Refugees adopt energy- saving stoves to save trees

A girl lights a stone stove at a refugee camp. Photo by Felix Warom Okello.

What you need to know:

  • Conservation. The loss of green vegetation including swamps has caused floods whenever it rains and prolonged drought in the district.
  • The situation is no different in Bidi Bidi refugee camp in Yumbe District, which is the largest in the world.
  • After years of deforestation has taken its toll on the environment, energy saving activities such as stone stoves are gaining popularity, writes Lilian Namagembe.

Ms Charity Gune, a widow, arrived at Agojo settlement camp in Uganda’s West Nile District of Adjumani in October 2016.
It was at the peak of the now five-year-old South Sudan war between President Salva Kiir and his former vice Dr Riek Machar. Ms Gune was allocated a 30 by 30 metres plot of land by government where she settled with her three children.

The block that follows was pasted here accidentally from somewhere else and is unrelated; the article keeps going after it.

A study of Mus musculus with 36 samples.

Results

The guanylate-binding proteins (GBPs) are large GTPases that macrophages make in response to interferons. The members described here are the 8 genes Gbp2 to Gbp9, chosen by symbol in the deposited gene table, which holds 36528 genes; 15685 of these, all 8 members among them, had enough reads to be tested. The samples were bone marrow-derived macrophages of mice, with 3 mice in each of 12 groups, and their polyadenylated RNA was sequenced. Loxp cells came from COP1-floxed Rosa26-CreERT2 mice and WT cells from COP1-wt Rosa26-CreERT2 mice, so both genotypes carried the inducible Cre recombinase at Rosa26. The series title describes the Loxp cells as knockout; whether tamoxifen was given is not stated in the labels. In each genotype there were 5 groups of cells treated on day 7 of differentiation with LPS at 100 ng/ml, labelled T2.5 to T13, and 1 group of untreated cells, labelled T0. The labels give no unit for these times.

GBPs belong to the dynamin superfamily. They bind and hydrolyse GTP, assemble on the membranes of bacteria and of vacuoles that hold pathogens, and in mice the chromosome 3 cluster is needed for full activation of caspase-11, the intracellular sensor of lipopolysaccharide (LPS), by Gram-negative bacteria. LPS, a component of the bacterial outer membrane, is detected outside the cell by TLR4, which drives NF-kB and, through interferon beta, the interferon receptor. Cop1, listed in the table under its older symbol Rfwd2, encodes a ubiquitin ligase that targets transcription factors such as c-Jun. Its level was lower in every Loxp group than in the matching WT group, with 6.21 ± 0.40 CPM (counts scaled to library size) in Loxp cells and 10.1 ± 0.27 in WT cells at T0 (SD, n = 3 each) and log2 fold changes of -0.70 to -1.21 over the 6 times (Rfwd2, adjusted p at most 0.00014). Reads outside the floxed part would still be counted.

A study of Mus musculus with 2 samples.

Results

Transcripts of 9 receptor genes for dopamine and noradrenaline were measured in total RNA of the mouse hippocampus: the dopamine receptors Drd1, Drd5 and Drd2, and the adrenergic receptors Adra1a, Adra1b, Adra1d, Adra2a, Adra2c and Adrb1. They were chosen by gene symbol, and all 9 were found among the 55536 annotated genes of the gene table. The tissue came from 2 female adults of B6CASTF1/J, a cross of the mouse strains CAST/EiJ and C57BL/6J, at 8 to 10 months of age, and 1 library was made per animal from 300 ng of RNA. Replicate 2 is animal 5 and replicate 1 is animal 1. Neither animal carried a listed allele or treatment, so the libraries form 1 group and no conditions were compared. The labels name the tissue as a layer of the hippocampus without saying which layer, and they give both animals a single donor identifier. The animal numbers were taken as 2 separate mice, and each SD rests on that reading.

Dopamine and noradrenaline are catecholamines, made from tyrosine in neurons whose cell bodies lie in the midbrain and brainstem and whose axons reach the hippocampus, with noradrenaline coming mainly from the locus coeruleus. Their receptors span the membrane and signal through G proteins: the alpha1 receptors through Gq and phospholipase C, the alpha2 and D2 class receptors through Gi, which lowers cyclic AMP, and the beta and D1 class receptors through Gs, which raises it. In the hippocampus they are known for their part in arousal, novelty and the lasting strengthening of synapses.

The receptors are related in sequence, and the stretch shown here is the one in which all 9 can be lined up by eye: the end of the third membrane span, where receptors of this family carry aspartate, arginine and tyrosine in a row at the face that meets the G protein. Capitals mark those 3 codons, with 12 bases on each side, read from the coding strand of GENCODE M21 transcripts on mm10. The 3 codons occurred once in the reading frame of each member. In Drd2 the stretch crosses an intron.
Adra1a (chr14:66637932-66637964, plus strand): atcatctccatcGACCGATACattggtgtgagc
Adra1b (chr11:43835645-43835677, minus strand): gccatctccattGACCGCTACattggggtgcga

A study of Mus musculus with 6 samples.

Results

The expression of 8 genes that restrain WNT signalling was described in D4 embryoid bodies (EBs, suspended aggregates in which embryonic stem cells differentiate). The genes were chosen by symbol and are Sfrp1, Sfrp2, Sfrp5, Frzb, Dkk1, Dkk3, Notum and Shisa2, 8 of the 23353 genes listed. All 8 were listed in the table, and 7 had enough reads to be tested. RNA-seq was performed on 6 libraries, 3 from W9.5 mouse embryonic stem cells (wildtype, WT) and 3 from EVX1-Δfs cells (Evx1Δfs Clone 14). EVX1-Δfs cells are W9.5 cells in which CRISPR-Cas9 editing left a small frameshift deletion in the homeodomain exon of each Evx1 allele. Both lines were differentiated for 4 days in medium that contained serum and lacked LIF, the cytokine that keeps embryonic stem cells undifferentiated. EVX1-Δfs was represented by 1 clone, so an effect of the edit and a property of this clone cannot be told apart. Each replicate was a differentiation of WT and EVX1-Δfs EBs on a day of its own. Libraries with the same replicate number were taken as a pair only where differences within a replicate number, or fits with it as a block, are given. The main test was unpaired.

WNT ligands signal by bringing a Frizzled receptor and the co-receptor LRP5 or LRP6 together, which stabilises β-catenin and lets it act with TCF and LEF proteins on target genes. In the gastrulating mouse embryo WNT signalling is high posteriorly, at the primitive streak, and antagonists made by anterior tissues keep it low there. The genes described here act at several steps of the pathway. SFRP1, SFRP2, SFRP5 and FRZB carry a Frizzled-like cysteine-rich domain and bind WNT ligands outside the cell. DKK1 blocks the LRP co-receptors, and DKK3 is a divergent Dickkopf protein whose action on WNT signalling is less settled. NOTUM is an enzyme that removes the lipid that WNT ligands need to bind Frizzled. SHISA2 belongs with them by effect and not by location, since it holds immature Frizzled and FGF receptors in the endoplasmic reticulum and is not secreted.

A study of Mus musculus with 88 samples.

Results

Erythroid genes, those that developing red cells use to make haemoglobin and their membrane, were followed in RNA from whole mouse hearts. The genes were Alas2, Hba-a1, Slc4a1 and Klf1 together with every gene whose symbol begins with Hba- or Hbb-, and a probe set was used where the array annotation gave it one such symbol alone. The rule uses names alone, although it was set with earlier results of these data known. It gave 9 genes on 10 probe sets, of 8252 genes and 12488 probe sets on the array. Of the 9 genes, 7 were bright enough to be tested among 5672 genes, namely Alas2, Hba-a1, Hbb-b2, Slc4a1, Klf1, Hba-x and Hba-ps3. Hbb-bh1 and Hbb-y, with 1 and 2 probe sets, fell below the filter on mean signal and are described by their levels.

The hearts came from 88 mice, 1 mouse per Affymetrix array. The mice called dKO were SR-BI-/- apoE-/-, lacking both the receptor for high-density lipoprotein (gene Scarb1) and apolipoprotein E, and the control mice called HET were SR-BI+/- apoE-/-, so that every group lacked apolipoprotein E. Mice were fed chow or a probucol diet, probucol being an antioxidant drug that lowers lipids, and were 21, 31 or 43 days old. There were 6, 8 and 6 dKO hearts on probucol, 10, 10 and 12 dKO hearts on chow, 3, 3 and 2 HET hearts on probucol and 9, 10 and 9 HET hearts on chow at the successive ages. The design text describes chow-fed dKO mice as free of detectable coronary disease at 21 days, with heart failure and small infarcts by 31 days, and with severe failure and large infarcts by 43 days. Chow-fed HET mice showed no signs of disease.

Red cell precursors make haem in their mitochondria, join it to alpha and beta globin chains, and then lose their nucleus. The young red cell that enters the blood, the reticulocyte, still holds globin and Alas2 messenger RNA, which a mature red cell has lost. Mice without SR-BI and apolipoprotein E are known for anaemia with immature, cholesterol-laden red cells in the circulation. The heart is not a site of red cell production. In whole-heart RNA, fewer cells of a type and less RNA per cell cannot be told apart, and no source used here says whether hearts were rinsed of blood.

It was a forested land with different tree species such as shea nut, mahogany, but they were cut down to pave way for firewood and construction of houses.
Since hundreds of Gune’s countrymen started flocking to Uganda from troubled South Sudan, the world’s youngest State, there has been increased destruction of natural trees in refugee hosting communities.
As they pour in, the green canopy of different tree species and bushes pave way for settlement. Refugees had to slash the bushes and forests to get firewood to cook food supplies provided by the United Nation High Commission for Refugees (UNHCR).
“When we arrived here, we were using the three stones for cooking and the fire wood could easily be blown away,” Ms Gune says, adding that that they had to fulfill their fuel needs.
Gune is not alone. She is part of the close to one million South Sudan refugees in different camps who have since fled South Sudan to Uganda to seek safety. Districts such as Adjumani, Arua, Yumbe, Moyo and other Uganda-South Sudan border districts are among the most affected areas.
According to the UNHCR report on Refugee and Host Community Ratios by District in November last year, the number of refugees in Adjumani district surpasses that of natives by 61 per cent compared to 39 per cent of the latter.